Norton is like many of the little Post Offices that served the early settlers on the Colorado High Plains. It was located in a ranch house and probably took its mane from the rancher. Small communities would grow up in the area and sometimes retain the name.
Today the land is pretty empty, a few trees and sheds mark where homes had once been. Here at Norton, there was a small cemetery, which is still used. When I pulled off the road to take some pictures, a car pulled up and stopped. A youngster walked up and said hi, I returned his greetings. He said I could walk out there it was okay, I replied no thanks for I did not have my boots on for tromping in the weeds. So I took my pictures and listened to him chatter away.
Pointing towards the back of the grave yard, he said that is my brother’s best friend buried back there, the cross made of horseshoes. Looking quizzical, I asked him, what happened, expecting him to relate an accident of some type. Instead he said it was something wrong with his heart, my brother’s friend was 13 when he died. That was a loop I wasn’t expecting. We talked a bit longer about the country side and then he went on down the road and I went about taking more pictures of the area.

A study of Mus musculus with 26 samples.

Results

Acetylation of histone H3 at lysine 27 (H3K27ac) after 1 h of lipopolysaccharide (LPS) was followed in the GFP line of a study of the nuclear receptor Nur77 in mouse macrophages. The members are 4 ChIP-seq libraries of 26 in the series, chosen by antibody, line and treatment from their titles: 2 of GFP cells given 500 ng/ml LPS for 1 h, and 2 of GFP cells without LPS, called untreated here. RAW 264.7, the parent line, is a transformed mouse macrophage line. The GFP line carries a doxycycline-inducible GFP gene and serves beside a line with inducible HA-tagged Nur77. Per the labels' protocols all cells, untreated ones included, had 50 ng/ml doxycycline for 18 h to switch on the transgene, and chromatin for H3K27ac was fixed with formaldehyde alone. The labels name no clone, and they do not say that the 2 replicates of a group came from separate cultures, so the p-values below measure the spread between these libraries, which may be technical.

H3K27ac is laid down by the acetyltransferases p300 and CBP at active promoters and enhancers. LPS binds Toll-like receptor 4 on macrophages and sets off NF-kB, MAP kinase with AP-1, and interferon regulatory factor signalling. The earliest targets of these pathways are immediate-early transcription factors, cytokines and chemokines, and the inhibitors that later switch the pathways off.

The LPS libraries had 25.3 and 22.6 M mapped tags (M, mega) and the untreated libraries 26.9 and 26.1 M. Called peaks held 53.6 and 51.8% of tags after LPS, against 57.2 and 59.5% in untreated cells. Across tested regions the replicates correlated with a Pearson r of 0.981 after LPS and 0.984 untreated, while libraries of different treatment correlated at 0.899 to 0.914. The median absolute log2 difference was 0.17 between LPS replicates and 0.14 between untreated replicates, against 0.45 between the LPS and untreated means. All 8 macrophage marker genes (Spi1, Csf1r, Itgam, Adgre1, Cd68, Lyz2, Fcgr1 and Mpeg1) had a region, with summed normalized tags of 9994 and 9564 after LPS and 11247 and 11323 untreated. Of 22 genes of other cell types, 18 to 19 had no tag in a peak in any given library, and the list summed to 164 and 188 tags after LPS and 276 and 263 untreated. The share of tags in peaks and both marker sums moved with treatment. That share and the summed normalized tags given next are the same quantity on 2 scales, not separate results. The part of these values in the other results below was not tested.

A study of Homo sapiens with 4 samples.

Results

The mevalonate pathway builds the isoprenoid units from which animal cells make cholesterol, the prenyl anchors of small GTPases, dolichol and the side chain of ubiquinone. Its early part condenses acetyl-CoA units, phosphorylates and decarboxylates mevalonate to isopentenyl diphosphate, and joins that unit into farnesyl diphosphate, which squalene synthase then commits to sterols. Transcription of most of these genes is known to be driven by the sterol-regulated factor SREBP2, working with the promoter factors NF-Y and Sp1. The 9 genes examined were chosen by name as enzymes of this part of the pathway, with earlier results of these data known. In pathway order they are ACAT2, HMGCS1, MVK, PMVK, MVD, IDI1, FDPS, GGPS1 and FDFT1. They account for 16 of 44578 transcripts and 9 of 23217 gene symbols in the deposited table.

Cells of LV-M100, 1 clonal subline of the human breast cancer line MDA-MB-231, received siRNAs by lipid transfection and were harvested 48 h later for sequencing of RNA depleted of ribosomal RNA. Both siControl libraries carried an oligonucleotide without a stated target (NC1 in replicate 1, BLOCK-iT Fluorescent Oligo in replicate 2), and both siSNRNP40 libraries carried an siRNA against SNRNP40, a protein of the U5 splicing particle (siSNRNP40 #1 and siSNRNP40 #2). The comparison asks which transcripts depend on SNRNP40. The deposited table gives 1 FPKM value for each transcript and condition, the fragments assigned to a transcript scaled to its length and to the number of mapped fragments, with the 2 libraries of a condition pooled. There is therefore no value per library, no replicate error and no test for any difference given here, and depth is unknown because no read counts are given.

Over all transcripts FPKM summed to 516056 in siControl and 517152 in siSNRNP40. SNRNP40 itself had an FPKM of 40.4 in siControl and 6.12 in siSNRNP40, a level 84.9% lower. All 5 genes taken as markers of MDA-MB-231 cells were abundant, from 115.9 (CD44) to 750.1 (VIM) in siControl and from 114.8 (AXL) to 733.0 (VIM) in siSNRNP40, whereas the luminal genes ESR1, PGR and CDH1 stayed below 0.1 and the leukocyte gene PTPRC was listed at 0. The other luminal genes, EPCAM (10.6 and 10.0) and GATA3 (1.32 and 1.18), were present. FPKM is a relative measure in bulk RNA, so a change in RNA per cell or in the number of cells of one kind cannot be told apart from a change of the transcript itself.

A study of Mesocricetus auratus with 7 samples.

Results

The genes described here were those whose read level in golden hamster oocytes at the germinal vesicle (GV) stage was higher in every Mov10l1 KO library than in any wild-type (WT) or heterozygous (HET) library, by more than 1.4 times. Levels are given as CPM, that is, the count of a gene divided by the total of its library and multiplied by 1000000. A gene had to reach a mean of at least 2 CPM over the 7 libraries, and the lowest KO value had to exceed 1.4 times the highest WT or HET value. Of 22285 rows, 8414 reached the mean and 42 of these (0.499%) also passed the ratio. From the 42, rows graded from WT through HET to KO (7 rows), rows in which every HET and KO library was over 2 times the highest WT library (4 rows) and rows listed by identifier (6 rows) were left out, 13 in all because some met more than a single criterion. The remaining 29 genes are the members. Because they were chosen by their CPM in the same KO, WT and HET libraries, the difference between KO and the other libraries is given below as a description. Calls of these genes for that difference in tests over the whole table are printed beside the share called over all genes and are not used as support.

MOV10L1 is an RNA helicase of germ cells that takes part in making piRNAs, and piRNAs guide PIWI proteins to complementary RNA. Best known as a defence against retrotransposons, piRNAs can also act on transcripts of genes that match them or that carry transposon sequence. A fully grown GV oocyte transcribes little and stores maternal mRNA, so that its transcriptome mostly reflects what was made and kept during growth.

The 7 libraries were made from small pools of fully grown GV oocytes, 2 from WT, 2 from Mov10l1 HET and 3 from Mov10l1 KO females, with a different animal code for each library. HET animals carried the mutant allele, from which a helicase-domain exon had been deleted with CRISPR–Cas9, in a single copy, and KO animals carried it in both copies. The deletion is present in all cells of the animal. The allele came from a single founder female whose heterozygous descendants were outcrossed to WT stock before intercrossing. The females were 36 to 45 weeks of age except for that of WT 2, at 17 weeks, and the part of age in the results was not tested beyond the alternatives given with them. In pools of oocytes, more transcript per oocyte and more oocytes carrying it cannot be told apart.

Norton is located along the Palmer Divide area in Eastern Colorado, elevation 6500-7000 feet. The winters can be pretty cold and harsh and the spring storms pretty nasty, hail falling like snow. At this elevation there is not a long growing season for farming, so it is ranching in the area. There are thick woods that line vast rolling meadows, making for great grazing for the bovines.
Tucked back in one of the meadows is a ranch house that probably housed the Norton Post Office. I found the cemetery first sand it was not until I did some research that found out there had been a Post Office nearby.